Shree Ganesh is the first to be worshipped before beginning any new project or venture, as he is the destroyer of obstacles. This is Shree Siddhivinayak Ganapati Temple at Prabhadevi in Mumbai, a two-century-old Temple that fulfills the desires of the worshipers.
The city of Mumbai is a mute witness to places of worship & historical interest, which are not only popular but also of archaeological importance. The old temple had an ancient architectural style, consisting of a hall, a sanctum sanctorum, some free open space, the temple’s administrative office to the right and a water tank in the front.
Ganesh, the son of Lord Shiva is one of the most prominent altars, faithfully invoked and dedicatedly worshipped by a large number of devotees. The idol of Shree Siddhivinayak is of black stone and is 2.5 feet high and 2 feet wide, with the trunk on the right. The upper right hand holds a lotus, the left an axe. Around the neck is the snake like sacred thread. The idol is carved out of a single stone. The idols of Riddhi and Siddhi are on either side of Shree Siddhivinayak.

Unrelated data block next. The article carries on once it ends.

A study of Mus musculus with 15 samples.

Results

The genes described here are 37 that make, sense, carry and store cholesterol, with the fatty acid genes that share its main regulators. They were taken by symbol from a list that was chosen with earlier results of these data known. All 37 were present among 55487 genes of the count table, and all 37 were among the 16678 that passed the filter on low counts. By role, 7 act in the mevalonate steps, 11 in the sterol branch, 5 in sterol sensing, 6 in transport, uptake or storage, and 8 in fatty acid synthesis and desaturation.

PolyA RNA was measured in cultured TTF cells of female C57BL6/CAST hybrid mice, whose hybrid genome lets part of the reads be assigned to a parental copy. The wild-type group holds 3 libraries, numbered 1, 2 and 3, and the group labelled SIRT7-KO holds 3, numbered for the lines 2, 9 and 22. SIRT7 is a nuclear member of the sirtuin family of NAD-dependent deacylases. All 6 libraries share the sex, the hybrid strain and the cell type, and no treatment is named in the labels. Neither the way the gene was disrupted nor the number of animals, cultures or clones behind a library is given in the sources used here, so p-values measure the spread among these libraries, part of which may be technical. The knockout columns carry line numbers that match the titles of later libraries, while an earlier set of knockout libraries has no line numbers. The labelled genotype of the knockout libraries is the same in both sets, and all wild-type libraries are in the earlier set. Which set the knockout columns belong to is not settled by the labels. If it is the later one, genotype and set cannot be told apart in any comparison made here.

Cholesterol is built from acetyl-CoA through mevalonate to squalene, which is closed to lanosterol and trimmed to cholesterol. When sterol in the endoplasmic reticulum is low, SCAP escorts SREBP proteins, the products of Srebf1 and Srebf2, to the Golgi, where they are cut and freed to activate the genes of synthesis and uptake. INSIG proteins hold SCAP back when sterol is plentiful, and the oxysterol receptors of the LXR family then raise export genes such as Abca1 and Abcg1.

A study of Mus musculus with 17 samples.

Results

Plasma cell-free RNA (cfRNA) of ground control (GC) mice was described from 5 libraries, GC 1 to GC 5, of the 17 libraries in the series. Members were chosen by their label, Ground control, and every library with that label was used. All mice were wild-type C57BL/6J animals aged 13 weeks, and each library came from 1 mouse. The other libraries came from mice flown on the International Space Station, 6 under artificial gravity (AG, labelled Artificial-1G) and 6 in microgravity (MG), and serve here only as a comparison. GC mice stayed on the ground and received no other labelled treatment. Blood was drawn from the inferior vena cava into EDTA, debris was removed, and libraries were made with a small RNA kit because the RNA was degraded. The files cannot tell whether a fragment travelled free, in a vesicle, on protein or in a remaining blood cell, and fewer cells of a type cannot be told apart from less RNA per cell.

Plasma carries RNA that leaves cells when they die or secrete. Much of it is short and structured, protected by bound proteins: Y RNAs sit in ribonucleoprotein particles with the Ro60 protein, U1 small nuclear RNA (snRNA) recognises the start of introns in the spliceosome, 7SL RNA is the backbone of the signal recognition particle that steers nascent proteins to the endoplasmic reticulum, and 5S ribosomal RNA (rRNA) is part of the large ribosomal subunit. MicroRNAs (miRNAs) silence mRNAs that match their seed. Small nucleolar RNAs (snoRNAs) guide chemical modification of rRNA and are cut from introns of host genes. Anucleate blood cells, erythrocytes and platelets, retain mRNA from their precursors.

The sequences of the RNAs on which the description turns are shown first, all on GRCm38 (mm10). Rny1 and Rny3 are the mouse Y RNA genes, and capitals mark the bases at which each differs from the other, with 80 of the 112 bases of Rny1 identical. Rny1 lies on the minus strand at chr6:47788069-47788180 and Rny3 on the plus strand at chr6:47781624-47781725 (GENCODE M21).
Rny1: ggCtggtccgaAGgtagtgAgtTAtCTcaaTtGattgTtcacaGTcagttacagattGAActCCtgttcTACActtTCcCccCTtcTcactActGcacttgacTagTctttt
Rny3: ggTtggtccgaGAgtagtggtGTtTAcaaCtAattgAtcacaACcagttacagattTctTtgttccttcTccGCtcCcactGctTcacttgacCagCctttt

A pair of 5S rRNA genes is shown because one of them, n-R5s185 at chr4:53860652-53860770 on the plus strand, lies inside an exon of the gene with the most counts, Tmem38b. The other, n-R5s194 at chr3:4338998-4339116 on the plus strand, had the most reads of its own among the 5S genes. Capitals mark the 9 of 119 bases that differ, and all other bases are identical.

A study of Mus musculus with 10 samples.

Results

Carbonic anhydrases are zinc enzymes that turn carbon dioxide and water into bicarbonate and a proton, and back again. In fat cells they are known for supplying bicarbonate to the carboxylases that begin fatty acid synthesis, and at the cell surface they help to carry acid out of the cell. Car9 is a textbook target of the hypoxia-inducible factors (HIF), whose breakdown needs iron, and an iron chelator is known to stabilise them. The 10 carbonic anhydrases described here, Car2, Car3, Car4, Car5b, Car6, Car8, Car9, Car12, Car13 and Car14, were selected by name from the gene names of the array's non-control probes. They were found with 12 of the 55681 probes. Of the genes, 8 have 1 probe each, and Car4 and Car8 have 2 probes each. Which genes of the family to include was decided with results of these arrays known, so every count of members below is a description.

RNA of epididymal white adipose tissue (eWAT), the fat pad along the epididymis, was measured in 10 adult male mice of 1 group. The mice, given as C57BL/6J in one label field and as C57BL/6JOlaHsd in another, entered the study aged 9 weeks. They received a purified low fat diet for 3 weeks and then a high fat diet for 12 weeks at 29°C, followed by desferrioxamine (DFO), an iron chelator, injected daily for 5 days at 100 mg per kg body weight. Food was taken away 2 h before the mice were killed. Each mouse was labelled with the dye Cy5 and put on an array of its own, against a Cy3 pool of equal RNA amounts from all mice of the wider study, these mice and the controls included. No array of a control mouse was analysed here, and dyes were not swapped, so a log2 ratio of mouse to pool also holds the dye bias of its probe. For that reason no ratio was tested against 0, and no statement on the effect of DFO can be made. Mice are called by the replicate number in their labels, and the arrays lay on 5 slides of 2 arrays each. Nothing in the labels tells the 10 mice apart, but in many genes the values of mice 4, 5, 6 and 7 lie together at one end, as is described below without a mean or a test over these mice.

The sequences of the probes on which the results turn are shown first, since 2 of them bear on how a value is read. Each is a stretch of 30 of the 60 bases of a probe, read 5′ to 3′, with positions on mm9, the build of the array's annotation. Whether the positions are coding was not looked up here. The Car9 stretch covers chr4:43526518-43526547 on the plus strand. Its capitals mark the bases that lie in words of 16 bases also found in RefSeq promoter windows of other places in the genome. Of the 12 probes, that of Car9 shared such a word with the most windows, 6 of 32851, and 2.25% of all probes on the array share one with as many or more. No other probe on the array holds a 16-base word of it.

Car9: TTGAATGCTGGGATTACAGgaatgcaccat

Mount Mary Church
The Basilica of Our Lady of the Mount, more commonly known as Mount Mary Church, is a Roman Catholic Basilica located in Bandra, Mumbai. The basilica stands on a hillock, about 80 metres above sea level overlooking the Arabian Sea. It draws lakhs of devotees and pilgrims annually. Many of the faithful attest to the miraculous powers of the Blessed Virgin Mary. The shrine attracts people from all faiths who pray to Virgin Mary for expressing their gratitude or requesting favors. The Marathas destroyed the church in 1738 during a raid.
Although the current church edifice is just 100 years old, the history behind the current statue of Our Lady goes back to the 16th century when Jesuit priests from Portugal brought the statue to the current location and constructed a chapel. In 1700, Arab pirates interested in the gilt-lined object held in the hand disfigured the statue by cutting off the right hand.
In 1760, the church was rebuilt and the statue was substituted with a statue of Our Lady of Navigators in St. Andrew’s church nearby. This statue has an interesting legend. It goes that a Koli fisherman dreamt that he would find a statue in the sea. The statue was found floating in the sea between 1700 and 1760. However the pervious statue is now restored and now enjoys the place of honour in the basilica. Both Hindu and Christian Kolis visit this shrine often giving it a kind of syncretic nature.